Matthew Yglesias reminds us of the racial apartheid that made the bipartisanship of mid-20th century America possible:
[I]t really is remarkable that for all the bellyaching about the decline of bipartisan behavior in DC there's very little attention paid to the fact that there are actual reasons this has happened beyond Newt Gingrich being a meany and bloggers being too shrill. The Jim Crow South gave rise to an odd structure of American political institutions whereby both of the parties contained substantial ideological diversity. This had the benefit of setting the stage for a wide array of cross-cutting alliances. It came, however, at the cost of consigning a substantial portion of the population to life under a brutal system of apartheid ruthlessly upheld through systematic violence.
After that system collapsed, there was a two decade or so period during which the voters and parties were re-aligning themselves during which we had cross-cutting alliances but no apartheid. And now the aligning process is done, so we have two parties where essentially all Democrats are to the left of essentially all Republicans and so you have relatively few genuinely bipartisan coalitions.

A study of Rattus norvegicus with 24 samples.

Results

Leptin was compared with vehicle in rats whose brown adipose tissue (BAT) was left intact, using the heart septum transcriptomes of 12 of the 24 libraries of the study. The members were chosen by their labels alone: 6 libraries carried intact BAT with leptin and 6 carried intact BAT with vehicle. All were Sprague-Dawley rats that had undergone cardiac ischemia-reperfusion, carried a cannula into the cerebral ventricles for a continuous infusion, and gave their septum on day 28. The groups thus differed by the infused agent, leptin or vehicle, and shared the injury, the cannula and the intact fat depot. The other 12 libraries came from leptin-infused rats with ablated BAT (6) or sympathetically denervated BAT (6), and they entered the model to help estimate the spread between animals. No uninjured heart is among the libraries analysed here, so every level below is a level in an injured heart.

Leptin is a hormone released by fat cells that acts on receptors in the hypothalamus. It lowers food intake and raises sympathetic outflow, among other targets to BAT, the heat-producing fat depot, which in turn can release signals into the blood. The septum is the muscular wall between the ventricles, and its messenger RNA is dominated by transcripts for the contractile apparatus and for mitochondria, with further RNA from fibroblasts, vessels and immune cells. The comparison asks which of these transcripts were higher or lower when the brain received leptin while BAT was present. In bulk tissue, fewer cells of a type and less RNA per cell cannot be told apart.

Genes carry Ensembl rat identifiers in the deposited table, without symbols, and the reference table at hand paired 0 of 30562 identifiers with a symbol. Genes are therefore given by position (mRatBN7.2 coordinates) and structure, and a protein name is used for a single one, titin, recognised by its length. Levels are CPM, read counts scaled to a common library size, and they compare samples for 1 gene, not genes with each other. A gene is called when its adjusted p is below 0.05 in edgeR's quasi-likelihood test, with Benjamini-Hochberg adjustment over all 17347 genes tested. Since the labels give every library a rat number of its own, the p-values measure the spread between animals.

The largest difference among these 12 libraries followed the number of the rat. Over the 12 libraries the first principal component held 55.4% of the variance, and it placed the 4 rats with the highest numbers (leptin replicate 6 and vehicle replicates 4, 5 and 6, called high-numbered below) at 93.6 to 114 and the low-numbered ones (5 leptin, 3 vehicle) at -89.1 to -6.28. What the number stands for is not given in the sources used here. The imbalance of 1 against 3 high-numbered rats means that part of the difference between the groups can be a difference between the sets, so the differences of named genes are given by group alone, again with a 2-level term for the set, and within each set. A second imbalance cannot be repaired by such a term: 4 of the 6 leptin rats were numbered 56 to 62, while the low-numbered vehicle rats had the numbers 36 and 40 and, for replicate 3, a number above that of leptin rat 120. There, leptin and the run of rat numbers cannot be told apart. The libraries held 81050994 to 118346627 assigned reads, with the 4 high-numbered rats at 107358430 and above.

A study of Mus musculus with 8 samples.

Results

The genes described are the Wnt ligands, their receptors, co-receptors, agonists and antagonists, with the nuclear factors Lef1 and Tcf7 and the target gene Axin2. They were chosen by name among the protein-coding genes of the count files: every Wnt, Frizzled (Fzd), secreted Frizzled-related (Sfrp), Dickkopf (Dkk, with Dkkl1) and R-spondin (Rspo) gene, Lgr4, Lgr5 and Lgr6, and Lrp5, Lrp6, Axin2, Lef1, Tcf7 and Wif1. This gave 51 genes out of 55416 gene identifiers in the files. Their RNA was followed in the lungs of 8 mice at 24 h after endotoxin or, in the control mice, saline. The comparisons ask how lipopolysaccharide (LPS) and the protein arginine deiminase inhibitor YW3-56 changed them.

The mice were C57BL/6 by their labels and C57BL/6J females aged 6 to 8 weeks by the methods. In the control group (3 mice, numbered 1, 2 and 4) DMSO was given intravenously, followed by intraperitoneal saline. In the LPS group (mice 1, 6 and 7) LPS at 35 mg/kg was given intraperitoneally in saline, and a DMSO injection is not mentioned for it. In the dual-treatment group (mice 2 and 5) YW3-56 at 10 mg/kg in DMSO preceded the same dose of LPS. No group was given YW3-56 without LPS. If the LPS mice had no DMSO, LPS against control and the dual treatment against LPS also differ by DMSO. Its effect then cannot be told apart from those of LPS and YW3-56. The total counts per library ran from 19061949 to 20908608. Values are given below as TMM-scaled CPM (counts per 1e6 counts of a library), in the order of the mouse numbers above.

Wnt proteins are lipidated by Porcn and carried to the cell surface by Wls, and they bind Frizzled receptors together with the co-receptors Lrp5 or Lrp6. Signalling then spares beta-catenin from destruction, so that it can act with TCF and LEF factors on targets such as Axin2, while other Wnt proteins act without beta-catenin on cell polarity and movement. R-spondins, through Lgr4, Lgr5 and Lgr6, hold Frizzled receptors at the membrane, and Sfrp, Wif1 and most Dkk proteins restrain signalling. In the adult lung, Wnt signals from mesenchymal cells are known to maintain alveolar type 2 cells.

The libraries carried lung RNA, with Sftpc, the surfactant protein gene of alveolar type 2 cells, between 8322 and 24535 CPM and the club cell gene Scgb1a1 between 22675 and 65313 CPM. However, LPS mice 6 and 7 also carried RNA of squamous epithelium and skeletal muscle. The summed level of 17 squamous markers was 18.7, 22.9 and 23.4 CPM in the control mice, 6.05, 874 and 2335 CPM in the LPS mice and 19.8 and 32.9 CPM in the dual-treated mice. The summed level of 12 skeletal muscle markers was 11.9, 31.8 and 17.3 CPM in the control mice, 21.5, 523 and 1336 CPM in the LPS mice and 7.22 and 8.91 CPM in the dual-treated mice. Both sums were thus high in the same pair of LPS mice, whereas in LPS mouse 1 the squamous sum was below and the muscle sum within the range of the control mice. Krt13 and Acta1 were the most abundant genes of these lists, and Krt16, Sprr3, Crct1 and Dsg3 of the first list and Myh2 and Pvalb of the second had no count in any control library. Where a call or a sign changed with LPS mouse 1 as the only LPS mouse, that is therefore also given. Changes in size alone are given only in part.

Indeed. Few people recognize that the previous bipartisan era was an aberration, not the historical norm. Consider, for instance, this plot of estimated party polarization in Congress:
When Democrats are disaggregated by region, the picture is even more clear (these graphs are for the House; those for the Senate are similar):
In short, the rise in bipartisanship was driven by Southern Democrats. Now that they are an endangered species, we've returned to the historical norm of sharp partisan conflict.
(Note: For the definitive analysis of how the race/civil rights dimension became aligned with partisanship, see the classic Issue Evolution by Carmines and Stimson.)